ALTHOUGH a common site in the South Hams, pheasants are not native birds, but an Asian species from around the Black Sea and China.

They are reared here as game birds. The young birds are bred in pens and released over the summer ahead of the shooting season that runs from October to the end of January.

With modern rearing methods, using imported eggs or young birds from Europe, the number of birds released has increased.

Around 50 million are released into the UK countryside each year under licence by Defra for recreational shooting.

According to the RSPB, the number of pheasants released annually is estimated to be 10 times higher than in 1961.

This greatly exceeds any similar releasing practice for gamebirds anywhere else in the world.

For European countries, the second-largest release of pheasants is in France with 10-15 million birds, compared to the UK total of 50 million. Nearly half the pheasants in Europe are in the UK.

By weight, the amount of non-native gamebirds in the UK countryside is equal to all our native birds put together.

The ecological impact of such high numbers of non-native birds is of concern to conservationists.

The released birds are provided with grain and can eat up to 1 lb of grain a day, but pheasants are also efficient foragers consuming insects, worms, berries, seeds, acorns, nuts and plants, and even rodents and reptiles. 

These large birds therefore compete with our native birds for food.

The main constraining factor for wild bird populations is the availability of food which is already scarce in our intensively managed landscapes.

Defra has now listed pheasants along with grey squirrel, American crayfish and Japanese knotweed as causing harm to native species.

Such high numbers of free-ranging birds can also be a source of disease for native birds. Last summer’s epidemic of avian flu in wild birds in the UK saw poultry housed indoors to stop the transmission of bird flu, but captive-bred gamebirds have continued to be released into the countryside in very large numbers.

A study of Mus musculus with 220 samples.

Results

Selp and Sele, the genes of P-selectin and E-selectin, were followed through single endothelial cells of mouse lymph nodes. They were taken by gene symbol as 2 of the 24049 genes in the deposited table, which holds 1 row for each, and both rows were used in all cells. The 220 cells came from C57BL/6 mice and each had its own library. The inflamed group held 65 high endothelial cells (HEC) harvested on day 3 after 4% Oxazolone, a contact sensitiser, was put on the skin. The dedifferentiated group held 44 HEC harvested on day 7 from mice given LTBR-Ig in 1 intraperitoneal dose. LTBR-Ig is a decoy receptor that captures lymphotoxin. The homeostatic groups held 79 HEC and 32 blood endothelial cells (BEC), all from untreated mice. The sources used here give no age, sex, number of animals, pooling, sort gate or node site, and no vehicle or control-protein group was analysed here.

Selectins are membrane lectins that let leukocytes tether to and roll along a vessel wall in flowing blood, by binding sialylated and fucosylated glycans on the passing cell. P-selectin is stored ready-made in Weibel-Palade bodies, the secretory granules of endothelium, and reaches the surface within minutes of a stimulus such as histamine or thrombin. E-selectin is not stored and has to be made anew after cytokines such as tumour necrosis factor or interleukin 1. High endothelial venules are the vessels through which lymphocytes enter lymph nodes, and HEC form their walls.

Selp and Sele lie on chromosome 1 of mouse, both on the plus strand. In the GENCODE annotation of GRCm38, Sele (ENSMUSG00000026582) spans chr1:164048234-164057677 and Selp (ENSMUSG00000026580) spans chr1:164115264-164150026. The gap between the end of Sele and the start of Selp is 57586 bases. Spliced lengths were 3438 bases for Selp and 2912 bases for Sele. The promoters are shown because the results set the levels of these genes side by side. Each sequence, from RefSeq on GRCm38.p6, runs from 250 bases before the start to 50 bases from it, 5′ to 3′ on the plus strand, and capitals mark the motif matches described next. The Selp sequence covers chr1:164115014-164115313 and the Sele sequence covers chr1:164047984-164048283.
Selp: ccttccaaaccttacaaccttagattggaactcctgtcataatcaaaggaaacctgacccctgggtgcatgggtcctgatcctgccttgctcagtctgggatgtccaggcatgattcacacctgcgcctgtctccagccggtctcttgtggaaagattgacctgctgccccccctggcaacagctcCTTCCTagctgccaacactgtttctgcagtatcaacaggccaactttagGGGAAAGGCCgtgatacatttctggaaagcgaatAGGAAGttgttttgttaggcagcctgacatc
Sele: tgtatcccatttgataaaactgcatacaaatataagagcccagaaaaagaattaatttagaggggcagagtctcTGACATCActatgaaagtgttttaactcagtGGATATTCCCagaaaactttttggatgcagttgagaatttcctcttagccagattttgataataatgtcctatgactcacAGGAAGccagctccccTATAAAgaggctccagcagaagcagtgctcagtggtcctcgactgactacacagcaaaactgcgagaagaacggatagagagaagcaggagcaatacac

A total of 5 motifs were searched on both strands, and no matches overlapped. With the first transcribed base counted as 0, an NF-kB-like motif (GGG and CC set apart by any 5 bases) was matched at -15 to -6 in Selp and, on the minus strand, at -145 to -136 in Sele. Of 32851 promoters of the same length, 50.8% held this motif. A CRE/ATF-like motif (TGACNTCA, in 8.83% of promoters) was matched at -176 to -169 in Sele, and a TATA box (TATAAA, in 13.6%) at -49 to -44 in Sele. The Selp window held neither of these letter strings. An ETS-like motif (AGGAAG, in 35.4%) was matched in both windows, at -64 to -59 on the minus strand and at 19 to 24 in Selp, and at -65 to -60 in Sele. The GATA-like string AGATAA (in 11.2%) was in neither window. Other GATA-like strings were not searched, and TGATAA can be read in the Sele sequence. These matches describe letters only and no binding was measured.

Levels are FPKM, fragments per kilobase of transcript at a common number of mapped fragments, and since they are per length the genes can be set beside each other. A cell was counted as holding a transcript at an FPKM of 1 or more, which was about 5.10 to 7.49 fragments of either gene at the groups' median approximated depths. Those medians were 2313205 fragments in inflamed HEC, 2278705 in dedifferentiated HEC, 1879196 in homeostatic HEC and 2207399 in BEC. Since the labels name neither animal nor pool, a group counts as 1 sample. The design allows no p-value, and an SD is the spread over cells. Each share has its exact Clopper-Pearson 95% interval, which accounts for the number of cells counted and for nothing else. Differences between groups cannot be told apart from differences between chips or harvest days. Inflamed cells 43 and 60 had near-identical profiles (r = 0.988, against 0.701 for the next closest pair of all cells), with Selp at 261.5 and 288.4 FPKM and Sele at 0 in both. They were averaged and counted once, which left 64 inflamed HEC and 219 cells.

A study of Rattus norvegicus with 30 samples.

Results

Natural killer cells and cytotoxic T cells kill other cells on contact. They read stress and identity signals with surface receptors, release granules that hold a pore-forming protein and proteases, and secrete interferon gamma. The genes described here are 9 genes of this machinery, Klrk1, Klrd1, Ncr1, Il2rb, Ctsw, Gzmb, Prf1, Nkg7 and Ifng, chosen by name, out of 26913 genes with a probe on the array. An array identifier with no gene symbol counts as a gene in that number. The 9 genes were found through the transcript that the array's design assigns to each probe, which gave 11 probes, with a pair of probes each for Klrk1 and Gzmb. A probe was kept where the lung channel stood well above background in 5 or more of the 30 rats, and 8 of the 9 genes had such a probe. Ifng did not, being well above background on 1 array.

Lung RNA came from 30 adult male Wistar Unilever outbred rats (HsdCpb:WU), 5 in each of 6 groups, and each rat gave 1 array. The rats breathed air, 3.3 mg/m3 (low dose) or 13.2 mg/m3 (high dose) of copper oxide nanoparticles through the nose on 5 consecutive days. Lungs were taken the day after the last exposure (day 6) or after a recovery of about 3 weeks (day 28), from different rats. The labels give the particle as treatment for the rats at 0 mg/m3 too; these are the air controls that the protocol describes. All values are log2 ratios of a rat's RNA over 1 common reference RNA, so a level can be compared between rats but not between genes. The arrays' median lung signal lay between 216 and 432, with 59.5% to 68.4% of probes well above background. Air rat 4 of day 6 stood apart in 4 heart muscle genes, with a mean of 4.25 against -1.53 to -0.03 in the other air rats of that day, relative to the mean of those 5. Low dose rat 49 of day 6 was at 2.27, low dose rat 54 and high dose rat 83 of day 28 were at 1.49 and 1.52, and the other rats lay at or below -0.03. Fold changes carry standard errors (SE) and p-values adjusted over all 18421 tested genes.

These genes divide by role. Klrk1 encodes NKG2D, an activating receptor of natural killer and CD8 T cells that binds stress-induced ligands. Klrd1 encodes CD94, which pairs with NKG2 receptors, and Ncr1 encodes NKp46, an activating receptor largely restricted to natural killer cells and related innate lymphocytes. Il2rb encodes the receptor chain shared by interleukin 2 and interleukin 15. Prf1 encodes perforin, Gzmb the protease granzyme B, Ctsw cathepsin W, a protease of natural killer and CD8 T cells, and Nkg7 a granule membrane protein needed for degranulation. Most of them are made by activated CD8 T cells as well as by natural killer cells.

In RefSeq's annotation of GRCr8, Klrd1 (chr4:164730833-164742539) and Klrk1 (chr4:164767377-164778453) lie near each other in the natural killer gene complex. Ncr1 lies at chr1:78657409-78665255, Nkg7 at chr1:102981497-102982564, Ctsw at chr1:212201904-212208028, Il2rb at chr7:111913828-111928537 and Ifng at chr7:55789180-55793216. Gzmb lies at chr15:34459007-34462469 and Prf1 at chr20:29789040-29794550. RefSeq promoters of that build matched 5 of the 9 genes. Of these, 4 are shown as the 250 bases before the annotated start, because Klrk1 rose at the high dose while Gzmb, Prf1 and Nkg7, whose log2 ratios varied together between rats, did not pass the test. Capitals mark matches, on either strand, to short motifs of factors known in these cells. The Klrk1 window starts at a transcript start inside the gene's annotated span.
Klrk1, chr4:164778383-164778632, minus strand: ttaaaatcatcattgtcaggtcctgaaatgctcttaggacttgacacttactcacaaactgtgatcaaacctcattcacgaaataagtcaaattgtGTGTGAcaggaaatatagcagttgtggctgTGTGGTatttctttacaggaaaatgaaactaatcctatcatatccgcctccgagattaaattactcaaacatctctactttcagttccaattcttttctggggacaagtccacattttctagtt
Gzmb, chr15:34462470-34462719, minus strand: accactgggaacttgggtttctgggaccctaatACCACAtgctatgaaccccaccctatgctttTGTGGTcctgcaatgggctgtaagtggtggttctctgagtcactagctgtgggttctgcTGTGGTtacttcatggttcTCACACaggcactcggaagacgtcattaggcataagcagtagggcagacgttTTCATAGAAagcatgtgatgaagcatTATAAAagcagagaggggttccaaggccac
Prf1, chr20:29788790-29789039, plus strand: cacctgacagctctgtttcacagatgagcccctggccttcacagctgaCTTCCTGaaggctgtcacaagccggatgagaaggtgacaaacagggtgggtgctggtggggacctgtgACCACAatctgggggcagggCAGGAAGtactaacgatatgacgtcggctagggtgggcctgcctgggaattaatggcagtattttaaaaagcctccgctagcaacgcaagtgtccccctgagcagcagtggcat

Might these birds create another large reservoir of the virus to re-infect wild birds?

In response to the climate and nature crisis, the government has set legally binding targets to halt the decline in species populations of our native wildlife by 2030 in the Environment Act 2021.

More than a quarter of birds are under threat of extinction in the UK, and 70 of the UK’s 245 bird species have been added to the Red List of threatened species.

In its Environmental Improvement Plan 2023, the government has promised “To restore our biodiversity, we need to enhance our biosecurity. The risk of pests, pathogens, and invasive non-native species is increasing, as we have seen just this winter when the UK has experienced its largest outbreak of bird flu.”

The lack of oversight on pheasant releases is not consistent with the government’s stated plan.

Defra should take another look at the rules concerning pheasant releases to manage the numbers of free-ranging birds, if the government is serious about protecting nature.